Oracle have quietly released pricing information for Exalytics, a new member in its family of specialised hardware-software appliances and a likely competitor to SAP's HANA product, in the same week Oracle announced the general availability of its Big Data Appliance.
The pricing suggests a general availability announcement for the Exalytics product is imminent.
Both Exalytics and HANA incorporate in-memory databases, providing a performance boost over systems that read and write data from disks. HANA was released in June.
Oracle's Engineered System price list, which was updated on January 10, states that the Exalytics In-Memory Machine X2-4 costs $135,000 (£89,000), along with an additional $29,700 (£19,000) for annual support and other fees.
The machine consists of a single server with 1TB of RAM and four Intel Xeon E7-4800 processors, each with 10 cores, according to an Oracle whitepaper. Exalytics machines can also be clustered together.
But the machine pricing doesn't account for the software that runs on it, which includes the TimesTen in-memory database and Oracle's Business Intelligence Foundation Suite, the latter of which is a licensing prerequisite for TimesTen, according to the price list.
Oracle is charging $34,500 (£22,500) per processor licence for TimesTen on Exalytics, along with another 22% of that sum for annual maintenance. In contrast, TimesTen processor licenses are priced at $23,000 (£15,000), plus 22% maintenance on Oracle's current Technology Global Price List, which was last updated October 20.
However, TimesTen on Exalytics costs $300 (£196) per Named User Plus if customers decide to use that purchasing model, with a minimum of 100 users, compared to $460 (£300) per Named User Plus on the global technology list.
BI Foundation Suite, meanwhile, is priced at $450,000 (£295,000) per processor licence, or $3,675 (£2,400) per Named User Plus. The number of BI Foundation Suite licenses must be the same as the number of TimesTen for Exalytics licences, according to Oracle.
Oracle has done some engineering to make TimesTen and BI Foundation work better together on Exalytics, according to the whitepaper.
Exalytics also "supports the broad portfolio of Oracle BI and EPM applications right out of the box," and customers who have existing applications built with Oracle BI Enterprise Edition and Essbase can migrate them to Exalytics without changes, according to the whitepaper.
"They're charging more than I thought they would for the hardware," said Eric Guyer, an independent consultant who advises Oracle customers on purchasing strategies with the vendor. Guyer, who also writes the blog oracleoptimization.com, had previously estimated that Oracle would list price the hardware at about $95,000 (£62,000).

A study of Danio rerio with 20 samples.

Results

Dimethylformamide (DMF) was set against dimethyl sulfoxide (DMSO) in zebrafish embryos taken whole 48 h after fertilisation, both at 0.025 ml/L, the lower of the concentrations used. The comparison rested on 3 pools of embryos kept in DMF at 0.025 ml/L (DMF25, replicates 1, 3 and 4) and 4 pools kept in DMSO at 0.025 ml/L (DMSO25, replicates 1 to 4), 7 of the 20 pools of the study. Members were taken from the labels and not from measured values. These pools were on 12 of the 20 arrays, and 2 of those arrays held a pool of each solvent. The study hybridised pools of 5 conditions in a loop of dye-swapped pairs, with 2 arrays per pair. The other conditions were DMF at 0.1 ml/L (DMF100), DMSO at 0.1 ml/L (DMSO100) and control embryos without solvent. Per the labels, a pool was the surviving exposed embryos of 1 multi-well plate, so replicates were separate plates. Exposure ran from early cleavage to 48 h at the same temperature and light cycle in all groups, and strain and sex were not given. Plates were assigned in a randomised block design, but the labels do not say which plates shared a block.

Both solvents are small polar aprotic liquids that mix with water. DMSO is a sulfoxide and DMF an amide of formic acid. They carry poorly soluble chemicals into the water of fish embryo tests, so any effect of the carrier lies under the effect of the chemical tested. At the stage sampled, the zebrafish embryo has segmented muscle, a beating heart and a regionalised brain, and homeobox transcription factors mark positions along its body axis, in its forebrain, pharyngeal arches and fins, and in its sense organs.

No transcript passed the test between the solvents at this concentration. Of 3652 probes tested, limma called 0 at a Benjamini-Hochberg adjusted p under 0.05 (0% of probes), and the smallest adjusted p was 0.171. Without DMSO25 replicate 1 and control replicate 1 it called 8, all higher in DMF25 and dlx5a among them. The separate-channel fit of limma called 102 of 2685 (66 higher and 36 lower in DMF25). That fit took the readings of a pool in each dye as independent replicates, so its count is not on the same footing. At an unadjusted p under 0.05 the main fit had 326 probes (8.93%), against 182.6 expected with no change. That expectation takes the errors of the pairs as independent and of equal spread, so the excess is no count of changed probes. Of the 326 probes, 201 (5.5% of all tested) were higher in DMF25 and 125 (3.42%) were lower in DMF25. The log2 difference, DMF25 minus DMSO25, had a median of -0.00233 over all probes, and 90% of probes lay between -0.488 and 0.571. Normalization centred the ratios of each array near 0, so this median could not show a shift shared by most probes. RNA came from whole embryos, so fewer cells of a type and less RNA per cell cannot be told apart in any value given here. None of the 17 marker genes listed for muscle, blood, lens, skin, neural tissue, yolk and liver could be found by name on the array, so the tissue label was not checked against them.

"Obviously, there's a lot less margin for the hardware than software," Guyer said. "I haven't seen a discount further than 25% on hardware from Oracle, not on x86 gear." By that measure, an Exalytics system could end up costing a customer about $101,250 (£66,000) for the hardware. "They've given themselves headroom for negotiation."
As far as the software goes, customers should base their decisions on the type of deployment they have in mind, according to Guyer. Those looking to deploy Exalytics-powered reports and applications to a small subset of workers in their organisation would find the named user licensing model more economical, whereas the processor model would make sense if the goal is to deliver such features to "uncountable" numbers of users.
Going by list price, the processor model would result in a machine with a price tag approaching $10 million (£6.54 million). But customers can expect significant discounts from Oracle on the software, perhaps greater than 70%, bringing the average price down to about $3 million (£1.96 million), he said.
"Oracle didn't have a good Q2," Guyer noted. "Going into Q3 and Q4, for someone that really wants this Exalytics machine, I think they could really negotiate this down."
Indeed, Oracle's second-quarter results, which showed a 14% drop in hardware systems product revenue, may have accelerated the release schedule for both Exalytics and the Big Data appliance. Oracle is under pressure from investors to boost the hardware business and its leadership is no doubt looking to give sales teams as many products as possible to push as its fiscal year draws to a close.
Meanwhile, Oracle shares many customers with SAP and some of those may be evaluating HANA.
While SAP plans to position HANA over time for transactional as well as analytic workloads, the rivalry between the two companies' products is difficult to deny.
Oracle CEO Larry Ellison, for one, has previously mocked SAP's plans for HANA. And Ellison's keynote at last year's OpenWorld introducing Exalytics prompted senior SAP executive Sanjay Poonen to write a scathing essay, arguing that Exalytics was based on old technology.
It was not immediately clear how Oracle's pricing for Exalytics directly compares to HANA.
Pricing for HANA depends on the use case and SAP hasn't disclosed a uniform price list, said spokesman James Dever. "Each deployment can be different so at this phase we haven't disclosed standardized pricing."
Another wrinkle is the fact that Exalytics and Oracle's other appliances are built only with Sun hardware, while SAP is working with a range of hardware vendors that are creating HANA systems, adding more potential variability on pricing.
In any case, Exalytics' cost may not be a major barrier for Oracle, depending on the circumstances.
"When BI is too slow, executives may yell at IT," said analyst Curt Monash of Monash Research. "This can make IT urgently want a solution, with price-effectiveness not being the chief buying criterion."